29 - The Berlin Republic
I don’t remember where I got this map from, but the context seems quite straightforward. The two figures in the foreground are saying “ein Geschwür!” (literally: “an ulcer”) and “Da sei Gott vor!” (“may God prevent this”). It must be a comment on the role of Berlin, once more the capital of Germany after Unification in 1990. Before this, West Germany’s capital was the comparatively tiny town of Bonn.
In comparison, Berlin is a megacity. It has been undergoing a rash of redevelopment after the fall of the Berlin Wall and may be drawing in too much attention (and funding) according to Germans in outlying areas. The title of this caricature is ‘Die Berliner Republik’, which I suppose is a reference to the ‘Weimarer Republik’, the nickname of the democratic but weak Germany that existed between the end of the First World War and the Nazis’ power grab in 1933.\n
The areas in red on the map correspond to parts of Berlin, which in reality occupies a relatively small area in the east of the country. In this map, it appears to be smothering the yellow areas, which refer to the ‘Bundesländer’ (constituent states) of the Federal Republic of Germany.\n
Malcolm Gladwell teaches "Get over yourself and get to work" for Big Think Edge.
- Learn to recognize failure and know the big difference between panicking and choking.
- At Big Think Edge, Malcolm Gladwell teaches how to check your inner critic and get clear on what failure is.
- At a glance, this map shows both the size and distribution of world religions.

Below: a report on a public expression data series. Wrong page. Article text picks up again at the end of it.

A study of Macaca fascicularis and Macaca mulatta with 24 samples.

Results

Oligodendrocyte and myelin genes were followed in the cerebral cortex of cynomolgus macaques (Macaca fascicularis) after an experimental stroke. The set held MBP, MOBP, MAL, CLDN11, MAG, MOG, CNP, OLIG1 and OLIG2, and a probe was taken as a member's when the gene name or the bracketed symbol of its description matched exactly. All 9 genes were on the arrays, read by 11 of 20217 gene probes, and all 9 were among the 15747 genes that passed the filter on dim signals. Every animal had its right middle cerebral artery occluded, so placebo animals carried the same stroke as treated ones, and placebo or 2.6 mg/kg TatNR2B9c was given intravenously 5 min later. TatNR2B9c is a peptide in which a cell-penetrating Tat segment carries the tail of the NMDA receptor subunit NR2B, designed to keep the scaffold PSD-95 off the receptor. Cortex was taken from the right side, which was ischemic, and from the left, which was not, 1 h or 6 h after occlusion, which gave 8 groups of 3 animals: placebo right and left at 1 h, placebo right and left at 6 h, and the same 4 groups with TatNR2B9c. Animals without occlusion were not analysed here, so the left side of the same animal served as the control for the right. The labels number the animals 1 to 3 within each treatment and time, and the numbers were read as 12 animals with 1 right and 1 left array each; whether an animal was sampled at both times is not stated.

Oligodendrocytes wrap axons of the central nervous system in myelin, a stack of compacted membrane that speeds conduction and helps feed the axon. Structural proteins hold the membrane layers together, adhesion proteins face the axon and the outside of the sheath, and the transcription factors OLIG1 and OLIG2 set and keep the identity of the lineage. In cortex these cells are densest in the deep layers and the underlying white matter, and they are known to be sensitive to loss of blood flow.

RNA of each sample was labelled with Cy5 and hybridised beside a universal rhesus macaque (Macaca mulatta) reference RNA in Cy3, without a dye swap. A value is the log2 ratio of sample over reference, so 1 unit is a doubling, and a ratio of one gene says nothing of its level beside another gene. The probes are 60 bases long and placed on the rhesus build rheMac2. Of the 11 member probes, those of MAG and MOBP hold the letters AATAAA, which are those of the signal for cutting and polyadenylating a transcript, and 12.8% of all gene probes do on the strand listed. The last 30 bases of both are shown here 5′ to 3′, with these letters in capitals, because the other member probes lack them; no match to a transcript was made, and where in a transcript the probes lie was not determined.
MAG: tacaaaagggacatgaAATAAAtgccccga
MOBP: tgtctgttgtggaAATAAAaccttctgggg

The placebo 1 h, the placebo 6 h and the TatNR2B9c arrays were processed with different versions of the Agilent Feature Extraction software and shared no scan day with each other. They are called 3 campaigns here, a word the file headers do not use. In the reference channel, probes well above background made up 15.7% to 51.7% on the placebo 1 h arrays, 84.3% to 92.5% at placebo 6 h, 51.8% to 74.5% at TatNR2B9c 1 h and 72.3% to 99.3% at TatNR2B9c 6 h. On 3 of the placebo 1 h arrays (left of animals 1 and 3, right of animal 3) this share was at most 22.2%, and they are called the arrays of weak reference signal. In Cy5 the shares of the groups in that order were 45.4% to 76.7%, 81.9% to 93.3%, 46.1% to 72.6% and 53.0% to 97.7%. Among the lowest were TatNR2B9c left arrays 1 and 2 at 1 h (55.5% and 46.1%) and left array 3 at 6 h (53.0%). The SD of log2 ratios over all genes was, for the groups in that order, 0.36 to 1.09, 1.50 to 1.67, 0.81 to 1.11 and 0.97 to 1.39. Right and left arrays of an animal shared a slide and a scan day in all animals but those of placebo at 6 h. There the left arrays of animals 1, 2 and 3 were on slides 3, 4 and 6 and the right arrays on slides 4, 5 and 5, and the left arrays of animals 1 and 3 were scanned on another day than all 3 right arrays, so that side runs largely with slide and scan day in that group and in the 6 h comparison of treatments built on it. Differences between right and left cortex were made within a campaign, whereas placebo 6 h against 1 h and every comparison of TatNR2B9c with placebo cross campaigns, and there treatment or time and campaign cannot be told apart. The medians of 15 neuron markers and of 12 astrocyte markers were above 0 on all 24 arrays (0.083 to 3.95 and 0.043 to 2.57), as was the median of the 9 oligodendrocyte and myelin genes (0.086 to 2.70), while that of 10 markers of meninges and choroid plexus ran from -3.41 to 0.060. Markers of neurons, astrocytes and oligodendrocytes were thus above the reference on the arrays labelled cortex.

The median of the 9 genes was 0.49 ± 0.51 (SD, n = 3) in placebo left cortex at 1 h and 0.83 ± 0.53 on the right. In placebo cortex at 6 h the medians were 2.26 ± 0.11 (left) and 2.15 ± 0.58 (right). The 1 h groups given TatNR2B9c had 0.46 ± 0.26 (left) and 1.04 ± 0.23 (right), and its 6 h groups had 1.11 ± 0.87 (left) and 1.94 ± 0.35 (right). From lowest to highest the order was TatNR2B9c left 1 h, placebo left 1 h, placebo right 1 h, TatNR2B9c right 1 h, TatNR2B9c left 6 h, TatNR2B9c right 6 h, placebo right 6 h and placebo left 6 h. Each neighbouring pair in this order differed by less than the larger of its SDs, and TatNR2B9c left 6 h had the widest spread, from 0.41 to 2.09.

- See how religions mix at both national and regional level.
- There's one country in the Americas without a Christian majority – which?
A consortium of scientists and engineers have proposed that the U.S. and Mexico build a series of guarded solar, wind, natural gas and desalination facilities along the entirety of the border.
- The proposal was recently presented to several U.S. members of Congress.
- The plan still calls for border security, considering all of the facilities along the border would be guarded and connected by physical barriers.
- It's undoubtedly an expensive and complicated proposal, but the team argues that border regions are ideal spots for wind and solar energy, and that they could use the jobs and fresh water the energy park would create.
Yes, a coup d'état.
- Though we know today that his policies eventually ended the Great Depression, FDR's election was seen as disastrous by some.
- A group of wealthy bankers decided to take things into their own hands; they plotted a coup against FDR, hoping to install a fascist dictator in its stead.
- Ultimately, the coup was brought to light by General Smedley Butler and squashed before it could get off the ground.